New Delhi: India’s gross domestic product (GDP) growth is projected to rise sharply in fiscal 2021 to 7.1 per cent from an estimated 5.7 per cent in fiscal 2020, according to Bloomberg Economics.
On the impact of lowered corporate tax for existing companies to 22 per cent from 30 per cent, and for new manufacturing companies to 15 per cent from 25 per cent, Bloomberg Economics noted that this can attract FDI at the time of trade wars.
“This is likely to boost private investment and has the potential to attract greater foreign investment over the next few years, just as the US-China trade war is prompting global manufacturers to rethink their supply chains,” it said.
Bloomberg Economics said in a special report on global outlook called “2020 Vision-Forecasts for the Year Ahead” that the sharp rise in GDP would herald a genuine economic recovery in India in 2020 with the revival of consumer and investor sentiment.
According to the report, India’s recovery, which has been a long time coming, finally seems to be around the corner.
By next year, rural incomes should rise, the central bank’s rate cuts are expected to lead to lower lending rates, and post-tax corporate profits are likely to be higher. “Combined, these should revive consumer and investor sentiment,” the report said.
The turnaround is likely to show up beginning in the October-December quarter, though largely because of a low base in the year-earlier period. A genuine recovery should start in 2020, the report noted.
“We expect gross domestic product growth to rise sharply in fiscal 2021 ending March, to 7.1 per cent from an estimated 5.7 per cent in fiscal 2020. On a quarterly basis, we expect growth to remain flat at 5 per cent in the second quarter of fiscal 2021 ending September, recover to 6 per cent in the third quarter, and rise to 6.8 per cent in the fourth quarter ending March 2021,” Bloomberg Economics has projected.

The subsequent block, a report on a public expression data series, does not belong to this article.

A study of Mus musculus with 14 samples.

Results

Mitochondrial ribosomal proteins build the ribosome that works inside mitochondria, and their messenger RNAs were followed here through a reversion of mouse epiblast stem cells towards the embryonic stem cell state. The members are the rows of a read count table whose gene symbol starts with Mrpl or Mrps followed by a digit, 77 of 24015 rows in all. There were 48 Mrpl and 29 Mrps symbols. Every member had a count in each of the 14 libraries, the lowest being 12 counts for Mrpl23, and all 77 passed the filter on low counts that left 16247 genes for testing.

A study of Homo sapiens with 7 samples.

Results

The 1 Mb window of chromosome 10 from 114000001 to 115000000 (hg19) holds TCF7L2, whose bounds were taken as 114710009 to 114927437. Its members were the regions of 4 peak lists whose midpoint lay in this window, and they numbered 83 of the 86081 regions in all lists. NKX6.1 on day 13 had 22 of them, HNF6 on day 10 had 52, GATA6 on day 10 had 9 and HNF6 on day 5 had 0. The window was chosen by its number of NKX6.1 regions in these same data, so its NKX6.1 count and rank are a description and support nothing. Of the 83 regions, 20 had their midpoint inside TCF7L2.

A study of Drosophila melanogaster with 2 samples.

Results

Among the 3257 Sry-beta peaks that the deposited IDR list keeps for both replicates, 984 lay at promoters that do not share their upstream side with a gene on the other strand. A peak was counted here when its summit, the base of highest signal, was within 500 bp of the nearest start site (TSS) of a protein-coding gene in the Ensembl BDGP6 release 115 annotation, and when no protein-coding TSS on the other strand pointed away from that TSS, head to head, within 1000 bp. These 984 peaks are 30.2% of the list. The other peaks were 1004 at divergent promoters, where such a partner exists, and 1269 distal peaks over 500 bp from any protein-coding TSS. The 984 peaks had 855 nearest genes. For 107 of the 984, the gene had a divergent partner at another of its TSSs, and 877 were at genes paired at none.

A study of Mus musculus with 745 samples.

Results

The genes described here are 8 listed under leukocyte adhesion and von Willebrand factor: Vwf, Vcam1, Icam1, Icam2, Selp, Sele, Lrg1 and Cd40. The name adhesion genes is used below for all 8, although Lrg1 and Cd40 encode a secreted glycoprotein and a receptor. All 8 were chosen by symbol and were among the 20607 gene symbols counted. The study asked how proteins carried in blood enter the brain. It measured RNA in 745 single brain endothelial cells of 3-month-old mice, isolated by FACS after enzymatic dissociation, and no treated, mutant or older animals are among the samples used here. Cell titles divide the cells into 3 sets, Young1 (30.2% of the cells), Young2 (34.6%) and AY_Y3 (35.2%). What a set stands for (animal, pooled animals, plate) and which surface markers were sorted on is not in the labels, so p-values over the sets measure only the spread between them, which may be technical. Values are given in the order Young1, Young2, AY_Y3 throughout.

Good rainfall and government income support is expected to boost farmers’ income and drive rural consumption. The Reserve Bank of India’s liquidity support and rate cuts have started to bring down borrowing rates for home loans and personal consumer loans. These should support overall consumption.
Deep cuts in corporate tax rates are also likely to add impetus to the recovery, reviving animal spirits among businesses and shareholders and, over the medium term, attracting more investment, the report said.
According to the report, several other factors also bode well for the outlook. The government’s decision to infuse capital into public sector banks and the central bank’s measures to revive non-deposit-taking financial companies should help strengthen the financial system. The RBI’s transfer of surplus capital reserves to the government also creates more leeway to increase fiscal spending.